UBS, the Swiss bank, has announced a layoff of 10,000 employees as it tries to reduce its investment banking activities.
The announcement, made on Tuesday, came along with huge losses in its third-quarter results.
The jobs will go over the next three years, and amount to 16 per cent of its current workforce of 64,000.
The Zurich-based bank said that as part of the cost-cutting drive it "is likely to have a headcount of around 54,000" by 2015, down from its current 64,000 employees among 57 countries.
UBS posted a net profit loss $2.31bn, compared with a profit of $1.13bn during the same three-month period ending in September 2011.
"Some reductions will result from natural attrition and we will take whatever measures we can to mitigate the overall effect."
In what it called "a significant acceleration" in its transformation, UBS said it would sharpen its focus on the investment bank and appoint a new executive to lead it.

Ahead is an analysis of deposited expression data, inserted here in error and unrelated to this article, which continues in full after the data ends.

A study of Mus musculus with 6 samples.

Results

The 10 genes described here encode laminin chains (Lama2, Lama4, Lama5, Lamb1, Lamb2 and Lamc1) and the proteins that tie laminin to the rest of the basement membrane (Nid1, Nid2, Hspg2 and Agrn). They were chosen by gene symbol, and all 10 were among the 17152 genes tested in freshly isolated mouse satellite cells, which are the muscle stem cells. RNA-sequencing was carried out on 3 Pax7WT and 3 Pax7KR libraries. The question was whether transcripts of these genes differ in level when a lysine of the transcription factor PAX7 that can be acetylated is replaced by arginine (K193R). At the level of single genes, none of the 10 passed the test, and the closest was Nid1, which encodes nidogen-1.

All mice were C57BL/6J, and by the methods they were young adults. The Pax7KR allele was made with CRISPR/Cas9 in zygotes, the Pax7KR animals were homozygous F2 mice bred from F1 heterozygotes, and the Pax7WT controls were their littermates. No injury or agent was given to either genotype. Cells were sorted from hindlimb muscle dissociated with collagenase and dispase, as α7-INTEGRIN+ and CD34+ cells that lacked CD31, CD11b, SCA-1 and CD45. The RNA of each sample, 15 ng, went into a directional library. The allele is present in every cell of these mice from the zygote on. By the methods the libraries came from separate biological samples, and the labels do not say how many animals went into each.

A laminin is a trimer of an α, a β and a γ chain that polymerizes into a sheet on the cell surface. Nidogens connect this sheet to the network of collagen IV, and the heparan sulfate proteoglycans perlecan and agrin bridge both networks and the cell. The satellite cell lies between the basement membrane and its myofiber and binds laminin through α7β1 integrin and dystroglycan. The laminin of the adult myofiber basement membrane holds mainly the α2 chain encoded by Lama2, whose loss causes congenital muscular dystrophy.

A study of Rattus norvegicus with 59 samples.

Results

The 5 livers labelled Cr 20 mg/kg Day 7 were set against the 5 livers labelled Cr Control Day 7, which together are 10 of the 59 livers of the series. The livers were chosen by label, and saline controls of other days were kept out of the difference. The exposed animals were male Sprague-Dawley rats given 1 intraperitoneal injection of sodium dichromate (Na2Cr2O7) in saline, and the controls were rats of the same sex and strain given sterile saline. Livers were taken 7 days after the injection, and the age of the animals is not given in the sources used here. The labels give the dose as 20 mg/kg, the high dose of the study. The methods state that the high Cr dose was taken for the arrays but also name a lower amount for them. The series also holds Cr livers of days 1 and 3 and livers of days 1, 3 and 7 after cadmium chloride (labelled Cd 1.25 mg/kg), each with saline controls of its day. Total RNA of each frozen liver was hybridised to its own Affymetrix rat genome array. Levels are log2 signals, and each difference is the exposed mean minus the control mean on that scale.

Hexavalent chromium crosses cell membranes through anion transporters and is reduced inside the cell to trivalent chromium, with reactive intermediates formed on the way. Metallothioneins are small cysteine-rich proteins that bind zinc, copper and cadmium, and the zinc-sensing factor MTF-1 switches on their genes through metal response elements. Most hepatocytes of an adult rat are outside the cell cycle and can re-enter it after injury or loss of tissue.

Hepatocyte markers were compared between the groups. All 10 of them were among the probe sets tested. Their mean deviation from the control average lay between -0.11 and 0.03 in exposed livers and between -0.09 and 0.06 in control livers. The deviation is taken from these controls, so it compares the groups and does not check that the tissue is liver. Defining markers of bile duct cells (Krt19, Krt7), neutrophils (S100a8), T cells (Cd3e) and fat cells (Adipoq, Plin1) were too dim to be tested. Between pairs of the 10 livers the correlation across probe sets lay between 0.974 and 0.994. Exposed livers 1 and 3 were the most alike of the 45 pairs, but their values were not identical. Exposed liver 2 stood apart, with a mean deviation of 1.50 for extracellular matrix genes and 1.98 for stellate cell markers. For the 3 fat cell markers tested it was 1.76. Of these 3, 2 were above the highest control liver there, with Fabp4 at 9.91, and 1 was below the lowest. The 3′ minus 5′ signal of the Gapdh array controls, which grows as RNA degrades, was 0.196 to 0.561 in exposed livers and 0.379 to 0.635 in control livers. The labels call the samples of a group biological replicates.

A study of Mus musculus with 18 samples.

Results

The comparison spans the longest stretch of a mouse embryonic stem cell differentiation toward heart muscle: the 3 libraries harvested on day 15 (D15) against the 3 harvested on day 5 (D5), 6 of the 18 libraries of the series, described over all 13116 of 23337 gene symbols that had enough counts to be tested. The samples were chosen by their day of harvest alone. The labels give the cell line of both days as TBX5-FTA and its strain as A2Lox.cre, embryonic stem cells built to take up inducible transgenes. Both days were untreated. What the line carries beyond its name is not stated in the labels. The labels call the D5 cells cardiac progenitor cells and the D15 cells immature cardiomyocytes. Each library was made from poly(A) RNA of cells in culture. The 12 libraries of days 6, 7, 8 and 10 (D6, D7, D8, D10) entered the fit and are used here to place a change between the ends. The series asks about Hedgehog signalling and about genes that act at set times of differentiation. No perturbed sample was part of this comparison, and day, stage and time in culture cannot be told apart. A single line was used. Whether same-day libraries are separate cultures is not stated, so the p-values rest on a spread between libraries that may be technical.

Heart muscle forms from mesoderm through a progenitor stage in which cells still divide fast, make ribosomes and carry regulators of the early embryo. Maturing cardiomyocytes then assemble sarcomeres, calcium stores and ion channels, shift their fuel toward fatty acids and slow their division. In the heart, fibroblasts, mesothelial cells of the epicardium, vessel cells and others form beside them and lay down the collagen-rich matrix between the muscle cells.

The bank attributed some of the declining profit to a pretax charge of $920m linked to an accounting rule on how banks must value their debt.
Banks can post gains if the value of their debt falls, because it would theoretically become cheaper for the bank to repurchase that debt.
But the rule also says that when a bank's debt increases, it must take a write-down because it would theoretically have to pay more to buy back its own debt on the open market.
In advance of the cuts, the value of UBS's stock rose 7.3 per cent to close at 13.12 Swiss francs on Monday on the Zurich exchange.
UBS was one of the banks hardest hit during the global financial crisis, where they lost $42bn during the financial crisis and had to be bailed out by the Swiss government.
Then in 2011 it lost a further $2.3bn due to the activities of Kweku Adoboli, an alleged rogue trader.